Draft aftermath: The NFC North

Story by Nick Gourdoux

In my five semesters on staff at The Spectator, I’ve seen three drafts come and go. In fact, I even wrote columns warning teams and fans about the dangers of drafting players according to need. That is why it should come as no surprise to you, my loyal readers, that I am a big fan of what the Packers did on draft day.

When you factor in talent, potential and age, is there a quarterback you would rather have than Aaron Rodgers? A wide receiver more than Greg Jennings? A tight end more than Jermichael Finley? An outside linebacker more than Clay Matthews? I could go on. Clearly, Packers general manager Ted Thompson knows what he is doing on draft day.

Thompson lucked out when tackle Bryan Bulaga fell to him in the first round after spending most of the off-season as a guaranteed top-10 pick. In the second round, the selection of Michael Neal has been regarded as a bit of a reach by other analysts, but I wouldn’t consider it so. From what I understand, he has tremendous potential and could develop into a pro-bowl quality lineman. The Packers don’t have to rush to get him onto the field with an already-solid defensive line. Ideally, Neal would phase out Cullen Jenkins in the next year or two.

Third round pick Morgan Burnett should compete for a starting job as soon as he arrives in camp and, at very worst, would provide depth for often-injured Atari Bigby.

I don’t know much about the rest of the Packers late-round picks, so it would be a waste of my time and yours if I tried to analyze them. I will offer one note, though. A lot of so-called experts have been knocking the Packers because of the fact that they didn’t draft anybody to help at cornerback. To that, I say what about Pat Lee, Will Blackmon and Tramon Williams? The Packers suffered an extraordinary amount of injuries to their secondary last year, so it made the appearance that they weren’t deep at the cornerback position. With everyone healthy, the Packers have a nice mix of talent, potential, experience and youth in the secondary.

While I like what the Packers did, I don’t think they had the best draft of the division. Detroit brought in three players – Ndamukong Suh, Jahvid Best and Amari Spievey — who could find their way into the starting lineup this year.

Suh was widely regarded as the most talented player in the draft, so it comes as a surprise that the Lions actually picked him – I was guessing wide receiver. Best has some injury concerns that lead to him falling to the latter half of the first round, but NFC North fans should remember that Adrian Peterson had injury concerns heading into his draft, yet he turned into one of the best running backs in the league.

I can’t say whether the Lions picked according to need or not because, well, every position for them is a position of need. Still, I feel this draft class was a tremendous first step towards building a respectable team in the not-too-distant future.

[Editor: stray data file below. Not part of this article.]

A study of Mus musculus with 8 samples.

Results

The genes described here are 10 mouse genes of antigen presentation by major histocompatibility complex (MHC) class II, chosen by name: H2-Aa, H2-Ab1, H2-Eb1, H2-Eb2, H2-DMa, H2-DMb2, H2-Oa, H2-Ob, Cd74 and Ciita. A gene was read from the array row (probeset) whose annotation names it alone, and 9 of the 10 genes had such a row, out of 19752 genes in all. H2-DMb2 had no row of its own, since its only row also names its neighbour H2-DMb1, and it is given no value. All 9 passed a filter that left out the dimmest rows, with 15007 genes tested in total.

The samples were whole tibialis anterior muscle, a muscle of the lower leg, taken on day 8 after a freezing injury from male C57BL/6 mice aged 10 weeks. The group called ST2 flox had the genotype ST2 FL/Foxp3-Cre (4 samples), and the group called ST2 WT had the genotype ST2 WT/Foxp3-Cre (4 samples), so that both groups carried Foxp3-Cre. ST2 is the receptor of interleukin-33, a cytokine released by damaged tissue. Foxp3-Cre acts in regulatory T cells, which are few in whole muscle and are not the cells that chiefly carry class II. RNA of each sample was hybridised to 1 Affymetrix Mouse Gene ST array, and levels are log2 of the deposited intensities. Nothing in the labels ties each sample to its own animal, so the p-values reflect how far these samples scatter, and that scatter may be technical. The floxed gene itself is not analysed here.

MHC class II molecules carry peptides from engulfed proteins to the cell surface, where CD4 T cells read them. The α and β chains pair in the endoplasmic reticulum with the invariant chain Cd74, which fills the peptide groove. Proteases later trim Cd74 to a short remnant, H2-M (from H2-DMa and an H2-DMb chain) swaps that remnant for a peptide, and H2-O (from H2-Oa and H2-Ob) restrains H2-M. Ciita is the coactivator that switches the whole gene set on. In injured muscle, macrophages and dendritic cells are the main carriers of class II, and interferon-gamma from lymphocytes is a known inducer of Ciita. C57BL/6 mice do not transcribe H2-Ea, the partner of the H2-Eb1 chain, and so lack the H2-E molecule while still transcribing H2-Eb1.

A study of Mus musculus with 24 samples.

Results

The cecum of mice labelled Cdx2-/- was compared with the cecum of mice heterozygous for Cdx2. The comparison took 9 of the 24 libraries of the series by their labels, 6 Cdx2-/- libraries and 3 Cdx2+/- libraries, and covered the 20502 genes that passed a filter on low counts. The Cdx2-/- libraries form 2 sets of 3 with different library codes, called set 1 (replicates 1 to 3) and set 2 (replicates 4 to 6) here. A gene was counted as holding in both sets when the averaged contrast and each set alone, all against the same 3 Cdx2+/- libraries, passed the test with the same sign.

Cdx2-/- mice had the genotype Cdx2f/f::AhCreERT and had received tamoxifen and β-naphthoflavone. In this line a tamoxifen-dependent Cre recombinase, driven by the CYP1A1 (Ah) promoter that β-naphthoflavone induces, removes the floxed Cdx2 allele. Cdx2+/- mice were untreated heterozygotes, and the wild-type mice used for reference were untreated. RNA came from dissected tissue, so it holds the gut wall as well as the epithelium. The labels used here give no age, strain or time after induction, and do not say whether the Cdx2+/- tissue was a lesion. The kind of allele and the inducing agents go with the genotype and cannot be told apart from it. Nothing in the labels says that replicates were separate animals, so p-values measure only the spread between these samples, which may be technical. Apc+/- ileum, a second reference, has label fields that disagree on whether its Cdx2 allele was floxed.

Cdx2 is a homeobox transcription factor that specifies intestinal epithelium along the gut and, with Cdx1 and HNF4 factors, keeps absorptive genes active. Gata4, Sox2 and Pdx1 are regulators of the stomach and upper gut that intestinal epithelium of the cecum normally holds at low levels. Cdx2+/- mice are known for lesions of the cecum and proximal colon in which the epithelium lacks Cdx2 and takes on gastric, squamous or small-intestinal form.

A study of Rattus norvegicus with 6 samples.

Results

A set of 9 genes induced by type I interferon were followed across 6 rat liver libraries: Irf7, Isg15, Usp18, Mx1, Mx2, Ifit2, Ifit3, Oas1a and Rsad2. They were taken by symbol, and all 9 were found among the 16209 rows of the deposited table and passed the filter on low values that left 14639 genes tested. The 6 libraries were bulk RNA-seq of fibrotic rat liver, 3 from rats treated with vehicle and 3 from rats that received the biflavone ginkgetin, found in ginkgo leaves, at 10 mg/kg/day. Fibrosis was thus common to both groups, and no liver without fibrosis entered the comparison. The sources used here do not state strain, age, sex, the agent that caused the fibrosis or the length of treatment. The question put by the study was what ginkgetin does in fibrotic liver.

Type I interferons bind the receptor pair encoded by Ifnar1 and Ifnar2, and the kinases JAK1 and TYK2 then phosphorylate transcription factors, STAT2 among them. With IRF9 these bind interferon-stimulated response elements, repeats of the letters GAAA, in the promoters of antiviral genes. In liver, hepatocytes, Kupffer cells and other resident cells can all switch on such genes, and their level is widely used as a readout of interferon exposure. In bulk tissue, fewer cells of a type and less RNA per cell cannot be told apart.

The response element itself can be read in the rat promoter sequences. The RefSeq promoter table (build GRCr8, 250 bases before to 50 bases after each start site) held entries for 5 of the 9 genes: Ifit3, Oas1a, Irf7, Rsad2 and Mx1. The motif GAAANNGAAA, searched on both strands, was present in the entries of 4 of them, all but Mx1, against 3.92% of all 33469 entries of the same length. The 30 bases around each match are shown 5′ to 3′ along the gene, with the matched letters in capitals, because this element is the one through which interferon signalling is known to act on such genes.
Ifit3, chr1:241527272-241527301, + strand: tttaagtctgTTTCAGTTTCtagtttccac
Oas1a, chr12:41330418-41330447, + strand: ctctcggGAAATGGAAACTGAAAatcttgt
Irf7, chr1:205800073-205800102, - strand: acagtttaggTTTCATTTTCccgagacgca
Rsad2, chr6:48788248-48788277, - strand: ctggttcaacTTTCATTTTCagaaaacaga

The Vikings, on the other hand, baffled me. They chose cornerback Chris Cook with their first pick. While Cook is probably talented, was he really the best player available? I suspect the Vikings were still suffering from Antoine Winfield’s injuries and playoff ineffectiveness, and chose Cook based on need. If they did choose to draft according to need, quarterback Jimmy Claussen would have been the presumable pick. The Vikings have lacked a franchise quarterback since Daunte Culpepper’s career-changing injury a few years back.

The selection of Toby Gerhart is also a bit confusing. Gerhart is certainly talented, and I wouldn’t mind having him on my roster, but I don’t know why the Vikings selected him as high as they did. I suspect the Vikings were trying to fill the void left by Chester Taylor’s departure. The Vikings brass probably had sound reasoning for their picks, and they get paid a lot of money to make those decisions. Still, as a fan, it seems as though they picked players to fill holes, rather than take the most talented players available.
The Bears didn’t have much of a draft class, mainly because most of their picks were sent to the Broncos as a part of the Jay Cutler trade. The Bears didn’t pick in the first two rounds, yet were able to pick safety Major Wright in the third round. Wright, by all accounts I’ve come across, should compete for a starting job, improve the Bears pass defense, and was a very solid pick in the third round. Still, the lack of picks inside the top 75 overall makes this class, generally speaking, pretty weak.

If I had to rank the draft classes of the NFC North, I would put the Lions at the top, followed by the Packers, Vikings and Bears in that order. The Vikings, however, should remain the favorite to win the division if Brett Favre comes back and plays remotely close to the way he did last year. The Packers will improve mainly because their key contributors, for the most part, are just now reaching the prime of their careers. The Lions may not compete for a playoff spot, but they won’t be the pushovers that they were. Any improvement the Bears exhibit will be the result of their free agent acquisitions and not their draft classes.

Gourdoux is a junior print journalism major and editorial editor of The Spectator.